REVIEW: of Epiphany, a new play by Brian Watkins, presented by New York City’s Lincoln Center Theater at the Mitzi E. Newhouse Theater, running through July 24 (viewed here June 29).
On a treacherously snowy evening in the doldrums of January, eight guests have braved the elements to attend an exclusive soiree in a ramshackle old Victorian house, probably located north of New York City along the banks of the Hudson.
The evening’s irresistible allure lies in its promised guest of honor – a certain renowned and reclusive philosopher, cultural critic and highbrow polymath named Gabriel.
That’s the launch point of playwright Brian Watkins’ sly new existential satire, Epiphany. Things only get stranger, livelier and at times hilariously funny from there. The free flow of wine prompts angsty confessions, the spitballing of extemporized philosophical musings, and a tournament of general rhetorical oneupsmanship that evolves into a sort of ad hoc symposium on civilization and its discontents.
And all the while the suspense mounts. Will Gabriel ever arrive?
Guess Who May Not Be Coming to Dinner
Watkins effectively modulates from the quasi-realist tone of his setup into keys of absurdist humor and time-bending surrealism as the play progresses until the evening turns into a sort of comic purgatorio, where literal action, freewheeling religious allegory, psychological satire and existential dread mingle combustively. Think Waiting for Godot meets A Delicate Balance with a soupcon of A.R. Gurney cocktail chatter thrown in and you have a fair idea of the world of Epiphany.
Do these bibulous middle-class critics really lament – or even understand – the social brittleness and spiritual impoverishment of our time? Or are they just self-referencing representatives of it?
The discreet charm of the bourgeoisie, indeed.
The design, casting and direction of this inaugural production of Watkins’ novel and enigmatic work are all first-rate. The set by the estimable John Lee Beatty is a spectacularly detailed and appropriately distressed environment – dusty wood paneling, imposing outsized windows, a grand staircase with (of course) thirteen steps ascending into murk above, and translucent walls through which, throughout the performance, we are aware of the sinisterly accumulating snowfall outside.
Director Tyne Rafaeli keeps her large cast in impressively plausible circulation, and has pulled off a symphony of vocal layering, overheated exchanges and awkward silences that ring with a truth rarely encountered in sizable ensemble theater pieces.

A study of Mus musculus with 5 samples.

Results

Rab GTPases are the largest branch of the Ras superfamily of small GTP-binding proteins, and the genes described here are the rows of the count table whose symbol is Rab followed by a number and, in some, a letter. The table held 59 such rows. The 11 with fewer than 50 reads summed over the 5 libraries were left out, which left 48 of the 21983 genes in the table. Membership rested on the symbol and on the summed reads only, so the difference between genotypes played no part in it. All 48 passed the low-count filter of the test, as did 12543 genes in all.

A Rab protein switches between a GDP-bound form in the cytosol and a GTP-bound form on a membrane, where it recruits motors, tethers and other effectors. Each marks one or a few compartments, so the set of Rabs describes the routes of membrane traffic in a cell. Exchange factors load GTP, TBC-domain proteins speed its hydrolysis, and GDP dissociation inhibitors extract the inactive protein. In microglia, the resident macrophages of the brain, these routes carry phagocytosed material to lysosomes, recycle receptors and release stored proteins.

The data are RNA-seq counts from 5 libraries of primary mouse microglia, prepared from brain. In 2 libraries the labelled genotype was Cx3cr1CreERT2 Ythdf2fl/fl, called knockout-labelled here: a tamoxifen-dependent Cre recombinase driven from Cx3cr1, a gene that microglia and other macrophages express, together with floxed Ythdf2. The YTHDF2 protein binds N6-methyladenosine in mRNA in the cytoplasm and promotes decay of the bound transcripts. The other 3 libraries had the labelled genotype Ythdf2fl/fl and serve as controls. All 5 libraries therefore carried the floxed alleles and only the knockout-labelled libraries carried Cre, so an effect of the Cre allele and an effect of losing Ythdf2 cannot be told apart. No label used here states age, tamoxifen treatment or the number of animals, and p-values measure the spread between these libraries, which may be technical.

The actors are uniformly well cast and engaging. Particularly notable is Marylouise Burke who plays the petite chatterbox of a hostess, Gabriel’s aunt Morkan, with astonishing vigor, bustling upstairs, downstairs, in and out of the kitchen, a veritable Tasmanian devil of hospitality.
C.J. Wilson plays the local handyman and lush, Freddy, with both brio and nuance. Rising to the challenges of the play’s most physically comedic role (the big-framed Wilson pulls off several feats of slapstick with Chaplinesque delicacy), Wilson also carries in full stride the character’s eventually revealed freight of countervailing pathos.
Heather Burns as the tightly wound and affected musician, Kelly, is a delightful behavioral study of the type of character Tom Wolfe would dub a social x-ray.
Jonathan Hadary brings an air of compelling stillness to Morkan’s cryptic longtime friend, Ames; while Carmen Zilles is marvelously poised, even ethereal, in the role of Aran – Gabriel’s presumed significant other. Her a cappella performance of an old folk song is a moving and memorable episode in the evening’s unfolding son-et-lumiere show of emotional variations.
Rounding out the company are equally effective performance turns by Colby Minifie, Francois Battiste, Omar Metwally and David Ryan Smith.
The current production runs through Sunday, July 24, 2022, leaving a perfect window for midsummer audiences to savor an evening of mysterious and entertaining midwinter Epiphany.